August 21, 2010 08:25
Park Hyung-sil, a producer at Arirang TV, Korea's English-language broadcaster, spent six months in Japan this year looking for Japanese World War II veterans to talk to for a documentary. She succeeded in interviewing a former military surgeon who conducted experiments on living people, an old soldier whose life was saved by a Korean, a former nurse who performed mercy killings on fatally injured soldiers and another old soldier who recalled a Korean "comfort woman" singing the traditional Korean song "Arirang." The resulting film will be broadcast on Aug. 22.
"It was the first attempt to hear the voices of Japanese veterans who were the perpetrators," Park says. "I felt their experiences of the war need to be recorded before they die." The 40-year old had some difficulty locating the veterans and getting them to speak in front of a camera. And she says it took a lot of convincing to get them to recount their memories of a war that happened more than 60 years ago. Some of the veterans, now in their 90s, said young people these days just don't want to hear about the wrongdoings Japan committed in the past, and others said the war took everything away from them.
Park also interviewed young Japanese who did not experience the war because she wanted to capture a wide spectrum of views of the war. Some said they had never heard about the "comfort women," referring to the Asian women who were forced to serve as sex slaves for Japanese soldiers. "Some wondered why Koreans constantly demand an apology from Japan. But many admitted that Japan was wrong and said they want the country to apologize for its past crimes and compensate its victims," Park says. "Even those who did not experience the war felt a sense of guilt about their country's past. It was quite surprising."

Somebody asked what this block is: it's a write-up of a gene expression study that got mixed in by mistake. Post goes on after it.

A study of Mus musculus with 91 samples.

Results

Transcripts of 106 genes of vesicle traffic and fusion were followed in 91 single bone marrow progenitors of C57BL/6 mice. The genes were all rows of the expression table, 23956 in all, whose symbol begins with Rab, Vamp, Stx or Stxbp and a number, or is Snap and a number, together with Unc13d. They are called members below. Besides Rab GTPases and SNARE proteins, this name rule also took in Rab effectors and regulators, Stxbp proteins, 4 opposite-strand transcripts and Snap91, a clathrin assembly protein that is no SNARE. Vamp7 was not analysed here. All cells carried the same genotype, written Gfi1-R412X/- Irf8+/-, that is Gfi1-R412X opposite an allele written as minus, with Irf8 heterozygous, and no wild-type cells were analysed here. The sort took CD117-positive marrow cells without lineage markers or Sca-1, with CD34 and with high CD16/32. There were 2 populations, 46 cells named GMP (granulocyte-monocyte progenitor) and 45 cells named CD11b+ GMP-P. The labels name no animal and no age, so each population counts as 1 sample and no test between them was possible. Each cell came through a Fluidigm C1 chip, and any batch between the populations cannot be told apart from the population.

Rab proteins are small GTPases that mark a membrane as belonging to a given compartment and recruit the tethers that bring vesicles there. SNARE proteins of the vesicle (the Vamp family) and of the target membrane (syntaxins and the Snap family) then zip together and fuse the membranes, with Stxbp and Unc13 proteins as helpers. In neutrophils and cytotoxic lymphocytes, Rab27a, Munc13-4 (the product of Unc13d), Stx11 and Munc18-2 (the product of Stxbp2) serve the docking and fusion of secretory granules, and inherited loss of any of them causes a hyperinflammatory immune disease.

One striking interview was with a Japanese activist who said Tokyo's treaty with Korea that justified its colonial occupation of the Korean Peninsula from 1910 to 1945 was illegal. "He said such efforts were not for Korea but for Japan, and that justice needs to prevail," Park said. "Without a formal apology and compensation, the consequences will come to haunt the perpetrator." But she adds, "I hope that Koreans can also learn something from the Japanese example. We may end up becoming the perpetrators against the less privileged people in Korean society, such as foreign migrant workers and foreign women who marry Koreans."
Park joined Arirang TV in 1996 and specialized in talk shows and programs focusing on traditional Korean music. She began making documentaries in 2005. "As I grew older, I felt a sense of responsibility to record our history. Next, I want to produce a documentary on the Korean War. I hope my work can help prevent war or invasions on the Korean Peninsula."